At the age of 80, French photographer Hugues Vassal is still intent on paying homage to his muse, Edith Piaf.
To mark the fiftieth anniversary of the iconic singer’s death, he has opened an exhibition on her last ten years in the French city of Tours. Vassal started his career as Piaf’s official photographer and became her close friend and confidant.
As such, he witnessed key moments in her life. Commenting on a photograph of her and singer-songwriter Georges Moustaki, he said:
“This is in 1960. She was getting ready for a show at the Olympia music hall, she was rehearsing Milord. Here, you see Georges Moustaki at the piano and she is singing Milord. Rehearsals went on and on, sometimes up to midnight or two in the morning.”
Piaf was not only famous for her singing but also for her rich love-life. The artist had a string of lovers, many of whom were also singers or composers.
“When she was together with Felix Marten, I once saw her knitting. She said, I am knitting for Felix. On another occasion, I saw her knitting again. She said, I am knitting for Georges Moustaki. Later, she was knitting for the singer Charles Dumont. But I never saw any of the sweaters finished, as she had usually moved on to another lover before she’d finished the knitting,” said Vassal, with a smile.
Towards the end of her life, Piaf surprised everyone by marrying Theo Sarapo, a young Greek man, twenty years her junior. Once again, Hugues Vassal was there to immortalise the event. Looking at a photo of Piaf and her young husband walking in a park, he said:
“This is a very moving picture for me because Edith passed away six months later. She had just come back from tour, and she was
fading, going out like a candle. She was walking in the park, and she turned to me and said ‘goodbye’.”
It was Piaf’s impressive voice which saved her from poverty and from the streets. At the age of 20, she started performing at a cabaret in Paris and her career took off. Her shows at the Olympia were sold out. And when the director of the music-hall came and asked for her help in 1960, she was there for him.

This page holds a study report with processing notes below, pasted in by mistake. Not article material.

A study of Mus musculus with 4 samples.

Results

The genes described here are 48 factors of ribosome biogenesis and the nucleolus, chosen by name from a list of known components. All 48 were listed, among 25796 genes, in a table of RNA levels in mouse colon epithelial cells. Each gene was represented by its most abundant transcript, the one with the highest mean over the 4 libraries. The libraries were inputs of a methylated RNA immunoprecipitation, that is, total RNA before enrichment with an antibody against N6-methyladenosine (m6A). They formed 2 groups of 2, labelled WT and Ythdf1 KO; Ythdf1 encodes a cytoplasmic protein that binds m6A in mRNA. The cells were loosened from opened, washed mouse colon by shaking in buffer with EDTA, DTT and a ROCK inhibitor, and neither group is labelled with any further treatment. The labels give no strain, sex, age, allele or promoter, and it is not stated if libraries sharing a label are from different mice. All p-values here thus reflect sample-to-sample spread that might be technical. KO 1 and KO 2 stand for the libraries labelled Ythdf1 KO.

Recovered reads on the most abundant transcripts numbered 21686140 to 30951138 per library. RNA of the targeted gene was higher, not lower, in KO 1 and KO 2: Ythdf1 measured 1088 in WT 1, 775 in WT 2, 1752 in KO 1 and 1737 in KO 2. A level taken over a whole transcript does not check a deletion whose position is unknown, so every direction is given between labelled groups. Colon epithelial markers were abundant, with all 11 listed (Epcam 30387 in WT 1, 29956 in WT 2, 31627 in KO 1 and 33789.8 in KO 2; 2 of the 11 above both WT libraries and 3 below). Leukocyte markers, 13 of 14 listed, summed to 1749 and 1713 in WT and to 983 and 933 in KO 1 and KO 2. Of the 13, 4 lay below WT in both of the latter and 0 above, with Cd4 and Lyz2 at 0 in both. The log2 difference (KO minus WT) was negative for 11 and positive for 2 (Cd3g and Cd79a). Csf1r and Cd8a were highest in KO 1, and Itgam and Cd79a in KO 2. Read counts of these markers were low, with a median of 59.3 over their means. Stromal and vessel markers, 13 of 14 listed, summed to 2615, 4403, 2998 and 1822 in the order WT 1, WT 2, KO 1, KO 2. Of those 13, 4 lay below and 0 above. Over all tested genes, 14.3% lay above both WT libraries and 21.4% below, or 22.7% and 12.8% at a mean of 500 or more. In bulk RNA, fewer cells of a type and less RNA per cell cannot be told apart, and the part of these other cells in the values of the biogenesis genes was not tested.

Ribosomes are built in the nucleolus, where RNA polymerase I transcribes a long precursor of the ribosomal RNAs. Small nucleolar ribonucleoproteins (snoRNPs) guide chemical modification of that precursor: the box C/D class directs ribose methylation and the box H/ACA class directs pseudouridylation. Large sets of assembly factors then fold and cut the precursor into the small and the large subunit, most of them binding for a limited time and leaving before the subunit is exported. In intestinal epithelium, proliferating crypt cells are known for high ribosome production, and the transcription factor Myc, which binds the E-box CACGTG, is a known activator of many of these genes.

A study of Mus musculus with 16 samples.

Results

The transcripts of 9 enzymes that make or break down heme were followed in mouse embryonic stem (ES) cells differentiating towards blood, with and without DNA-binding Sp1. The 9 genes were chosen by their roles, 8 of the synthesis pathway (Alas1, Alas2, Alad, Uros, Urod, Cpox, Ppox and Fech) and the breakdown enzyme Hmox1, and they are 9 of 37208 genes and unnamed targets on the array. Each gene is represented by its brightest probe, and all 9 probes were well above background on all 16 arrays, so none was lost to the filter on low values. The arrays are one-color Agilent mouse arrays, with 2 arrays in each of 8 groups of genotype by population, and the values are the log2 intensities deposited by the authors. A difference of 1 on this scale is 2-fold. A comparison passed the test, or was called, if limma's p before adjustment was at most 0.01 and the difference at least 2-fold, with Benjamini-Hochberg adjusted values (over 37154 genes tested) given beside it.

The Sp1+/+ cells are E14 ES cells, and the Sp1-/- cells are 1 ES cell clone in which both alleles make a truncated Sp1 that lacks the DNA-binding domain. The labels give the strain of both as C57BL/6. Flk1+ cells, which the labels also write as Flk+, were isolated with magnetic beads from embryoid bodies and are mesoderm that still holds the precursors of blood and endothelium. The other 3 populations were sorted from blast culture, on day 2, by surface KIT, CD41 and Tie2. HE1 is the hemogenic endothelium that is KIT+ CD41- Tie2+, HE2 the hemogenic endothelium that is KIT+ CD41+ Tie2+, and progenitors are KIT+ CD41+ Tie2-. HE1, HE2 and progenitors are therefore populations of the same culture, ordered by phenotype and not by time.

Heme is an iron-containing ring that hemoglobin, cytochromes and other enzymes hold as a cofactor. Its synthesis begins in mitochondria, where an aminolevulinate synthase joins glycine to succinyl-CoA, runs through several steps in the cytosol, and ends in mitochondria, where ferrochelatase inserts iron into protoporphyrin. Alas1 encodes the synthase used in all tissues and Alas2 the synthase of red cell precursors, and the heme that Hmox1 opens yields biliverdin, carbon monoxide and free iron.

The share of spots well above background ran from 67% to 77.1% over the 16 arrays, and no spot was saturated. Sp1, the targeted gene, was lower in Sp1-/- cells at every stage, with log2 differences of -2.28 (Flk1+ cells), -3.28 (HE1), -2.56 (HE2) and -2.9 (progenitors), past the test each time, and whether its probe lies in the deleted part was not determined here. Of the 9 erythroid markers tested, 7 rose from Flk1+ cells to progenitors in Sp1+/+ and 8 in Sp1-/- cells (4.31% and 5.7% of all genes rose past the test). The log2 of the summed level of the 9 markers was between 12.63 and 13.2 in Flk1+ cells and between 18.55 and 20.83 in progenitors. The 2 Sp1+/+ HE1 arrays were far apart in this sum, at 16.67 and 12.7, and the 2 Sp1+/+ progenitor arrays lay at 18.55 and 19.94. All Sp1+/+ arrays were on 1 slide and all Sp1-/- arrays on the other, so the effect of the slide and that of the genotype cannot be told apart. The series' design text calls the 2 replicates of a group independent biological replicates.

“He said: ‘Edith, Edith, help me, I am going to have to shut down the Olympia, the banks have pulled out, I am ruined.’ Edith looked at him and there was a moment’s suspense before she said, with a smile, ‘Come on, listen, your Olympia is saved!’. And she performed “Non, je ne regrette rien”. She sang that song for three months running, without getting paid, and the Olympia was saved,” said Vassal.
In return, the stage often saved Edith Piaf from depression, helping her through the hardest times like when her daughter died, or later when the love of her life, boxer Marcel Cerdan, passed away.
Piaf fell seriously ill and died in October 1963. Two million people took part in her funeral in Paris.
“There was a huge crowd,” said Vassal. “At the graveyard, the whole team was there, following our boss, our mother, the soul of our lives – each of us shared our own little secret with Piaf – and I said to my friend Jean Noli, ‘Look, she’s sold out, again.’”
In all, Hughes Vassal took some 10.000 photos of Piaf. He went on to travel the world as a photographer and set up the prestigious Gamma photo agency with Raymond Depardon and others.
- The exhibition “Edith Piaf: 50 photos pour le 50ème anniversaire de sa disparition” is on at the Hôtel du Grand Commandement in Tours on October 11, 12 and 13 2013. Some of the photographs will be auctioned on Sunday, October 13.
- The book “Edith Piaf une vie en noir et blanc” by Hugues Vassal is out now.